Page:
University of Houston-Victoria

Jags for Life
Garrett Lee Smith Campus

The University of Houston-Victoria (UHV) Counseling Center will undertake the project, Jags for Life, named after UHV mascot, the Jaguar. The project seeks to establish and sustain targeted suicide prevention and treatment services to all of UHV 4,491 students and any newly enrolling students through education, training, resource distribution, and service provider partnerships. The project goals are (1) to train faculty, staff, and students to respond to student crises effectively; (2) to raise faculty, staff, and student awareness of suicide risk factors through educational materials; and (3) to create a supportive campus and community environment through strong collaborative partnerships. The project has outlined the following objectives:

  1. One (1) Health Educator/Case Manager will be in place to provide education and training programs within the first year.
  2. Four (4) training sessions will be held on campus each academic year for students, faculty and staff on suicide prevention, substance use and mental health promotion starting Year 2 of the project.
  3. Educational programs will be presented six (6) times each academic year for students, faculty and staff regarding suicide prevention and reduction of risk factors, such as depression and substance abuse.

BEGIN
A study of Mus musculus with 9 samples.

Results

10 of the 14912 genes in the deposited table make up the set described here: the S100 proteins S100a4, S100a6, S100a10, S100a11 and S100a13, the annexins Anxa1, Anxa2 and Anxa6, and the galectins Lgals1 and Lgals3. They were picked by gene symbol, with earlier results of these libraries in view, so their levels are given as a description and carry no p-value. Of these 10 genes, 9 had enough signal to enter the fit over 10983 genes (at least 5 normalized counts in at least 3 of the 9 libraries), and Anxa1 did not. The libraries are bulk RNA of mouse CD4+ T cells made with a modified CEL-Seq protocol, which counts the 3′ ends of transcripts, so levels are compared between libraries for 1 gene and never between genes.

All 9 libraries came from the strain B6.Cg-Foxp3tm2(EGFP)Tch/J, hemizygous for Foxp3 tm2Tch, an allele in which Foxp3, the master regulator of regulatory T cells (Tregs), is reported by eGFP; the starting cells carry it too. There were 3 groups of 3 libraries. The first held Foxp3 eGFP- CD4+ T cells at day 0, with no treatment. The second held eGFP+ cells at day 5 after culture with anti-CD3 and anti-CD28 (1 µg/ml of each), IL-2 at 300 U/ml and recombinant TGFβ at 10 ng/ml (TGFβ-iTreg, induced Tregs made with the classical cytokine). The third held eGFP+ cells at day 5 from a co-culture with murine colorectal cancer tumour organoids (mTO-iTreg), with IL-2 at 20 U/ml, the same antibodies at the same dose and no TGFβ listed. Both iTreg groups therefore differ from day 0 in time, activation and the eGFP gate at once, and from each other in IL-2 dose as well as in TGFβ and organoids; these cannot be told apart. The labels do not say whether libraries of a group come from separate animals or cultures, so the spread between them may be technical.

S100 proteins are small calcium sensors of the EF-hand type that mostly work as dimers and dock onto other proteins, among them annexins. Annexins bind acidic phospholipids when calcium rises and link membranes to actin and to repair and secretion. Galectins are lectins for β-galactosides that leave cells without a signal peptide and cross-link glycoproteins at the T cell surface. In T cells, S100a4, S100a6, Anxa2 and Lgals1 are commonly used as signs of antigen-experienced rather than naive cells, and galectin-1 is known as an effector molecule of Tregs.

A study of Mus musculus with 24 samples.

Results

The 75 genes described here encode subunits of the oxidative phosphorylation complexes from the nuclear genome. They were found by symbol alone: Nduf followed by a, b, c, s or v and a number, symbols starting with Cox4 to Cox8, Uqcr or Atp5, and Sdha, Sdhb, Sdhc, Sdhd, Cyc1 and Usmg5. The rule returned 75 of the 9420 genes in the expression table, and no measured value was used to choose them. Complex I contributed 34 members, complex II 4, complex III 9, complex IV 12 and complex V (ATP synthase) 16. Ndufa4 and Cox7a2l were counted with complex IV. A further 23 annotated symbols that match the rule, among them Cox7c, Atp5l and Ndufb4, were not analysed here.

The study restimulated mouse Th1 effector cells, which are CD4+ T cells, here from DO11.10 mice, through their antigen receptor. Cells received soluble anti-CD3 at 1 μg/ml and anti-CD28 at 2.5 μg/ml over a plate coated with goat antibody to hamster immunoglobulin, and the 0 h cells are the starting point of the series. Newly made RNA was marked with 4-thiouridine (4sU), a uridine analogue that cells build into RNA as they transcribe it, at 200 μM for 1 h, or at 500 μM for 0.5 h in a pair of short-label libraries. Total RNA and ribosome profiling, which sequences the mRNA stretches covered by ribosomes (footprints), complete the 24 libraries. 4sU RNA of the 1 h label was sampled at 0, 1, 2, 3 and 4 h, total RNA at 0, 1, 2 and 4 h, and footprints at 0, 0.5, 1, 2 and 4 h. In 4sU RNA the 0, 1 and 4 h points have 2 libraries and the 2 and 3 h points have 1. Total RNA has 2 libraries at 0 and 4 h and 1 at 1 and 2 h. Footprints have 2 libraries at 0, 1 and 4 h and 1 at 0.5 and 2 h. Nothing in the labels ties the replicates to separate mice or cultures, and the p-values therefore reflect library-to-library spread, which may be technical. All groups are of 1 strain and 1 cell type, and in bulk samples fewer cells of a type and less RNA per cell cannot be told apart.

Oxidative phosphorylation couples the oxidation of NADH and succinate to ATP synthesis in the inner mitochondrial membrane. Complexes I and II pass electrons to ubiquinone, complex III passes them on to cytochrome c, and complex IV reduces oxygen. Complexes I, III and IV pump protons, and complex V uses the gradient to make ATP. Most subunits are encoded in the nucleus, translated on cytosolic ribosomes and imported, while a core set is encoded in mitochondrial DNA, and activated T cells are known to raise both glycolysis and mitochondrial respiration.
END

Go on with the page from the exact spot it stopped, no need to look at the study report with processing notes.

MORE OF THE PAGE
4. There will be an expanded, comprehensive crisis response plan in place by the end of the first year.
  5. There will be traditional print informational materials available in the Counseling Center, in academic buildings, and at the residence halls by the end of Year 1. By the end of Year 2, informational materials will be available in electronic and social media.
  6. There will be nine (9) monthly meetings annually of the Suicide Prevention Advisory Team.
  7. There will be a 10% increase in the number of students utilizing university mental health services by the end of Year 2 of the project.

Since 1973, the University of Houston-Victoria served as an upper-level commuter institution. In the fall of 2010, UHV completed downward expansion by welcoming freshmen to campus. Because it is a Hispanic-Serving Institution, UHV freshmen and sophomores are largely minority, low-income, and first-generation college students. UHV enrollment numbers are increasing as is the Counseling Centers request for services. By completing the transition to a traditional four year institution, UHV is prepared to safeguard the student body by implementing a program to reduce suicide, substance use, and mental health concerns on campus.